Rubus 'Illini Hardy'
Common Name: blackberry 
Type: Fruit
Family: Rosaceae
Zone: 4 to 6
Height: 4.00 to 5.00 feet
Spread: 4.00 to 5.00 feet
Bloom Time: May to June
Bloom Description: White
Sun: Full sun to part shade
Water: Medium
Maintenance: Medium
Flower: Showy
Attracts: Birds, Butterflies
Fruit: Showy, Edible
Other: Thorns

Culture

Best grown in moist, organically rich, slightly acidic, well-drained soil in full sun to part shade. Intolerant of wet soils. Raised beds should be considered in areas with heavy clay soils. Plants are perennial but canes are biennial. For established shrubs, tip-prune new vegetative (non-fruiting) canes in summer. Immediately after fruit harvest, remove all canes that fruited to the ground. In late winter to early spring, remove any canes damaged by winter and thin the remaining canes to 4 or 5 strong, well-spaced canes plus trim the laterals thereof. Plants generally perform best when staked.

'Illini Hardy' has few laterals.

Noteworthy Characteristics

Blackberries are grown for their edible fruit. There are both thorned and thornless varieties available.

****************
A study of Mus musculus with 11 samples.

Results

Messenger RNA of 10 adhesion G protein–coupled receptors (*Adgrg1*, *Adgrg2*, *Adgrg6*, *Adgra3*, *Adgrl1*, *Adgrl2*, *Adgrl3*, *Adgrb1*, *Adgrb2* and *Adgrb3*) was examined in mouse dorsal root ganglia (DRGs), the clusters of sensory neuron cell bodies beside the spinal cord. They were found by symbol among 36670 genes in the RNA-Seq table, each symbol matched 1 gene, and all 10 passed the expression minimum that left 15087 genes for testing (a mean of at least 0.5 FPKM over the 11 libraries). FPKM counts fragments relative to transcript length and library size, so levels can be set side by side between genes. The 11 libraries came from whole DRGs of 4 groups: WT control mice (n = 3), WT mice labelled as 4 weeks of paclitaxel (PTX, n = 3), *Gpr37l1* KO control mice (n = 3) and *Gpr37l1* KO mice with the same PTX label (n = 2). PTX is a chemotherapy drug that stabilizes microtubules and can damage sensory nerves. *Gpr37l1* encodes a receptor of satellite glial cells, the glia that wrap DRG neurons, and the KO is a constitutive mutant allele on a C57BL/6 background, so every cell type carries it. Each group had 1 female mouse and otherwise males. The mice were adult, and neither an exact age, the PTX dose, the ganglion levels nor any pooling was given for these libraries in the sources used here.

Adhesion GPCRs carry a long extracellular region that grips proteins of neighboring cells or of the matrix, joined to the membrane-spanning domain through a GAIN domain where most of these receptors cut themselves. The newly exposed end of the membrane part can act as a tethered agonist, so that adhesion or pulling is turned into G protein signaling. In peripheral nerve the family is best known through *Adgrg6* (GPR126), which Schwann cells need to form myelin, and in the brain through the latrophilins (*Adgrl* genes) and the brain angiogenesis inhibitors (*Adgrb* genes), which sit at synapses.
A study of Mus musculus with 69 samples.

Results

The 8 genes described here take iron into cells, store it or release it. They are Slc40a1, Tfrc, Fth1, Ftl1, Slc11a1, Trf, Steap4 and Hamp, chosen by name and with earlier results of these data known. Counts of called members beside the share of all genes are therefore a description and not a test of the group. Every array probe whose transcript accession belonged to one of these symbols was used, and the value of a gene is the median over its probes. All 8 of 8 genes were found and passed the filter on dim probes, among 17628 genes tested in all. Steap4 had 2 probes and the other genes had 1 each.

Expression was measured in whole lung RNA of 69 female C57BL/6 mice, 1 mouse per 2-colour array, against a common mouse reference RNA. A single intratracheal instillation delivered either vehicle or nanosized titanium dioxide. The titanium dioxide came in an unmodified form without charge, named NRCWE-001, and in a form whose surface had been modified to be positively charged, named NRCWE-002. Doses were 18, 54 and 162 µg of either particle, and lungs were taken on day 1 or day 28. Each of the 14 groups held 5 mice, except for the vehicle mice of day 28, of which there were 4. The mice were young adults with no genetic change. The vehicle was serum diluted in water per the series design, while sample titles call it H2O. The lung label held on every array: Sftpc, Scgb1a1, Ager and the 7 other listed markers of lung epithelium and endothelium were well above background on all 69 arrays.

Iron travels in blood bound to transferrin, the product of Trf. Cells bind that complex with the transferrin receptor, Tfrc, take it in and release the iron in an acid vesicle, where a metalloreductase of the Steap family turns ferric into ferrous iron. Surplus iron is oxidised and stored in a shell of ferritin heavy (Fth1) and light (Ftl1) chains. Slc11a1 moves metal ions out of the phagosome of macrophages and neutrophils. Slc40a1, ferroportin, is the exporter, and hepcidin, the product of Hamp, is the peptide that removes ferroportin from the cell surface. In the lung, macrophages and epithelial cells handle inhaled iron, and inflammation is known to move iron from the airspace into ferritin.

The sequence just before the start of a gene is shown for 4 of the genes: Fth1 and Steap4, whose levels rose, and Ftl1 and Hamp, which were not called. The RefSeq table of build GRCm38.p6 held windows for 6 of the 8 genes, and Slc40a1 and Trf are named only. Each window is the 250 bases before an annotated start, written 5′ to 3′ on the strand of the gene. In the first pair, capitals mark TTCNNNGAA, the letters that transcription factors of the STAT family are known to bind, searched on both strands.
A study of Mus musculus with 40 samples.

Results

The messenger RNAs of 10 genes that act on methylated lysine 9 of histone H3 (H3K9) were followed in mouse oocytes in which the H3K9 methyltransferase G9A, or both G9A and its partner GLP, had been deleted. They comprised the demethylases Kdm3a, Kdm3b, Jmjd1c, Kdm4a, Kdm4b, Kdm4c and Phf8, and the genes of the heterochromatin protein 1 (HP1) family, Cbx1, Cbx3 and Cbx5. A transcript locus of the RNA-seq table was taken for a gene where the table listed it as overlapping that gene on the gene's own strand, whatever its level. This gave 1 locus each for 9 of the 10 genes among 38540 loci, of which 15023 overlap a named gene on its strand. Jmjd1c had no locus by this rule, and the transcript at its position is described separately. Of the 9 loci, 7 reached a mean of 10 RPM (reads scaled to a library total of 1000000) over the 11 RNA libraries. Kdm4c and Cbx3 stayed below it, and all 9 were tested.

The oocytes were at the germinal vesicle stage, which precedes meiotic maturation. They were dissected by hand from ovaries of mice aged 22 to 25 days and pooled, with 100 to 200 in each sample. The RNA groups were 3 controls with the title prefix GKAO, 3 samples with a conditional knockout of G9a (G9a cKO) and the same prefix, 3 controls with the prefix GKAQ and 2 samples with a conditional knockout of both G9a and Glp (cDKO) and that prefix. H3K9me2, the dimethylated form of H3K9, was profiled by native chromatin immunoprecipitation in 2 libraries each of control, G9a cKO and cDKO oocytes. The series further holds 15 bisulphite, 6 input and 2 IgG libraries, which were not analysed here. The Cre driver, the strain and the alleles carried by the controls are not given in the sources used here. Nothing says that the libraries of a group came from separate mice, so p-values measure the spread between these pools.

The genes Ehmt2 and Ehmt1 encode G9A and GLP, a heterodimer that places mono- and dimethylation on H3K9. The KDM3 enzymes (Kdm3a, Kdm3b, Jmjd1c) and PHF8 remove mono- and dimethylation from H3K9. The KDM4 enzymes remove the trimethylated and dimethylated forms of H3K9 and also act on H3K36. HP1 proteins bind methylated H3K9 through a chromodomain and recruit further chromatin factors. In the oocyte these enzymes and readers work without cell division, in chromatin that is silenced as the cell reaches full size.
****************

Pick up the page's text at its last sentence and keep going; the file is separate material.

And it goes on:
Genus name is the Latin name for brambles (blackberry and raspberry).

'Illini Hardy' is an erect, self-fruitful, free-standing, thorny shrub which produces one crop of fruit per year. Although noted for its excellent winter hardiness, 'Illini Hardy' often has problems with the hot St. Louis summers and may not be the best selection of the thorny varieties for Missouri. Clusters of white, 5-petaled, rose-like flowers in spring give way to blackberries of excellent eating quality which mature in summer (mid-to-late July).

Problems

Anthracnose, botrytis and verticillium wilt can be serious disease problems. Cane borers and crown borers are potentially serious insect pests.

Garden Uses

Although the flowers are attractive, this blackberry is grown primarily as a food crop and it not considered appropriate for ornamental use.